Magnetic Poles, Forces, and Fields

Every magnet has two poles. This is where most of its magnetic strength is most powerful. These poles are called north and south or north-seeking and south seeking poles. The poles are called this as when a magnet is hung or suspended the magnet lines up in a north – south direction. When the north pole of one magnet is placed near the north pole of another magnet, the poles are repelled. When the south poles of two magnets are placed near one another, they also are repelled from one another. When the north and south poles of two magnets are placed near one another, they are attracted to one another.

The attraction repelling of two magnets towards one another depends on how close they are to each other and how strong the magnetic force is within the magnet. The further apart of the magnets are the less they are attracted or repelled to one another.

When a magnet is broken into little pieces, a north pole will appear at one of the broken faces and a south pole. Each piece, regardless of how big or small, has its own north and south poles. The are around a magnet can also behave like a magnet. This is called a magnetic field. The larger the magnet and the closer the object to the magnet, the greater the force of the magnetic field.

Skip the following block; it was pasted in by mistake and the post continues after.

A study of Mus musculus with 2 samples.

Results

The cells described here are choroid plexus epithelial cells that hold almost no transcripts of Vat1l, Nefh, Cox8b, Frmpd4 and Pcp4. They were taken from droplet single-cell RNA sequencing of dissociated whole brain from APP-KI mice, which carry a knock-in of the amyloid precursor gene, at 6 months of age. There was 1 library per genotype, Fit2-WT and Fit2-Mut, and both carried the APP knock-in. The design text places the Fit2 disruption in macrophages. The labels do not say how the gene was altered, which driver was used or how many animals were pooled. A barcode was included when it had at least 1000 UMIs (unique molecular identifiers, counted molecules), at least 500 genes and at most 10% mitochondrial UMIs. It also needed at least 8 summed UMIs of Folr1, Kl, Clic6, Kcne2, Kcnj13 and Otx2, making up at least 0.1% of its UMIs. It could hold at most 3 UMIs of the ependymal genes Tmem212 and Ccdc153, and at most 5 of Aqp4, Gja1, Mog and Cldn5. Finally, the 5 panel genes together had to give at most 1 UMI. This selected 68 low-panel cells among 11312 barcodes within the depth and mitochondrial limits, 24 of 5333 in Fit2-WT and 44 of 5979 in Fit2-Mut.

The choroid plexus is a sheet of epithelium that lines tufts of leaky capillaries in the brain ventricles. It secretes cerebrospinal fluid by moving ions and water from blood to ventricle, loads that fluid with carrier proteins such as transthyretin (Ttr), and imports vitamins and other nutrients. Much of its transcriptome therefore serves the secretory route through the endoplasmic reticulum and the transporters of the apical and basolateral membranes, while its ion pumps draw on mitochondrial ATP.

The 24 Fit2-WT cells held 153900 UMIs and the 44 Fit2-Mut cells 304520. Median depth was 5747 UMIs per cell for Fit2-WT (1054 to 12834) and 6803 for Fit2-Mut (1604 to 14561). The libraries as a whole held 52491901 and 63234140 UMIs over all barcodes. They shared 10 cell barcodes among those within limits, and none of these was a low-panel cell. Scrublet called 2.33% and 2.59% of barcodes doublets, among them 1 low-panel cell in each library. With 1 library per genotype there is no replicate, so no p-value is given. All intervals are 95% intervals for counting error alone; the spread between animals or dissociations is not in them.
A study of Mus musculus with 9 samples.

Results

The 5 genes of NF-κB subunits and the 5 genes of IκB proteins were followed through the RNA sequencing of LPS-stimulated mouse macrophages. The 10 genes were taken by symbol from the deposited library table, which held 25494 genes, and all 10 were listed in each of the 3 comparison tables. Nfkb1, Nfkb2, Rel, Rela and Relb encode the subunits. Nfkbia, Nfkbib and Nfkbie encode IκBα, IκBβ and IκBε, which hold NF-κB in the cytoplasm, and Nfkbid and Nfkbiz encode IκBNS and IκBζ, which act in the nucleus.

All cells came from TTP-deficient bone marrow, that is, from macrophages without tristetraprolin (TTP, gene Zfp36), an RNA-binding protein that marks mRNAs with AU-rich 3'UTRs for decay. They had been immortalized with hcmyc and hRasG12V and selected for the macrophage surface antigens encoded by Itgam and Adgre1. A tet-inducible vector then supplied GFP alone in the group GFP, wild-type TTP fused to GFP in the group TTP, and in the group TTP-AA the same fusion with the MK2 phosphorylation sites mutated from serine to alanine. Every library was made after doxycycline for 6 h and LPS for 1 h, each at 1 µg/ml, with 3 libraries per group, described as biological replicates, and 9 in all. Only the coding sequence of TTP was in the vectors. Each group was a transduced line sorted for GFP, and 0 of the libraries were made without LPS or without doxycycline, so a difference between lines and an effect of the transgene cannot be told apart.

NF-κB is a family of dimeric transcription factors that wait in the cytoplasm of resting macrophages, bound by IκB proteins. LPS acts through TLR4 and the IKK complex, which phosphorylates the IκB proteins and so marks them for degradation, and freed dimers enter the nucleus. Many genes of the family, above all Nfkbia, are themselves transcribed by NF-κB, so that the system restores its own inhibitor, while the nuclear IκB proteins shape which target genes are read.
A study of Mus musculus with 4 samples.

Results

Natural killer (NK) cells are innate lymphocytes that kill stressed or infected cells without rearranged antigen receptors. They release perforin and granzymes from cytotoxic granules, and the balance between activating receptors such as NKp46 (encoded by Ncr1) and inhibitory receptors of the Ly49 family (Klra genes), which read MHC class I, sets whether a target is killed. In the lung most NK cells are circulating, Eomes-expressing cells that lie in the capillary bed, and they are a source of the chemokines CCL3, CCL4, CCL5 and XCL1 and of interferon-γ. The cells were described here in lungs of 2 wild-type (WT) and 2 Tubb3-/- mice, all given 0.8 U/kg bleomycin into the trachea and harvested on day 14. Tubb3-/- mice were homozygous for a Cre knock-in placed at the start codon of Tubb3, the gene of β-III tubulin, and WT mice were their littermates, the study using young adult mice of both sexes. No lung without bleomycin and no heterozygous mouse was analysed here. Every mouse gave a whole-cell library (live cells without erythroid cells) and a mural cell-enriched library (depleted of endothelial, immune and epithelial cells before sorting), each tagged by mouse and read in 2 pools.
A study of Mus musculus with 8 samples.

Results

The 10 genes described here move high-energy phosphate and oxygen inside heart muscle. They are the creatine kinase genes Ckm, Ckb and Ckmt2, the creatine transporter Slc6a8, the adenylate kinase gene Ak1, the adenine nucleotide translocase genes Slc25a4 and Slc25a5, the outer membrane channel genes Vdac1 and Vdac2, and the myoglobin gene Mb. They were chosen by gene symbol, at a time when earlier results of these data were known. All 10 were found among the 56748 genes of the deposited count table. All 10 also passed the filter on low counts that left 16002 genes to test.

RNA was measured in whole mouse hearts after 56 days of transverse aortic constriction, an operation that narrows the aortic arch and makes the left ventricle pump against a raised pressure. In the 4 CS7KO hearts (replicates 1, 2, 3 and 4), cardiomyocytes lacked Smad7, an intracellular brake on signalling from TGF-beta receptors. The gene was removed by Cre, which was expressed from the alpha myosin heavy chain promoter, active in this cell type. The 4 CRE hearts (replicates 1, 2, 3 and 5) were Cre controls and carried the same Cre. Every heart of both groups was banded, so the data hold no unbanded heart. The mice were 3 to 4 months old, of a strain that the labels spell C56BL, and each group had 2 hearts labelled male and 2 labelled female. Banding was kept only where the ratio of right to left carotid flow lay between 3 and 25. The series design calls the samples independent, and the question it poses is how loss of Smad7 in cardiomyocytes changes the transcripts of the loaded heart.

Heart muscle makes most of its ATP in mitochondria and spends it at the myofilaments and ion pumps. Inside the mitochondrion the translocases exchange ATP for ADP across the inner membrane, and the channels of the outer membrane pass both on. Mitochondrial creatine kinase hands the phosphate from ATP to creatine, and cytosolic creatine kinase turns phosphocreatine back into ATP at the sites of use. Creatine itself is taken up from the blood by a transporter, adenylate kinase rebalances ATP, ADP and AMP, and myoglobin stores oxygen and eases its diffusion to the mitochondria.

Magnetic Materials

The term magnetism is derived from Magnesia, the name of a region in Asia Minor where lodestone, a naturally magnetic iron ore, was found in ancient times. Iron is not the only material that is easily magnetized when placed in a magnetic field; others include nickel and cobalt.

Magnets can also be formed that are called electromagnets. A simple electromagnet is formed with a battery and copper wire coiled around a metal rod such as a nail. There is evidence that there is an electrical basis for magnetism.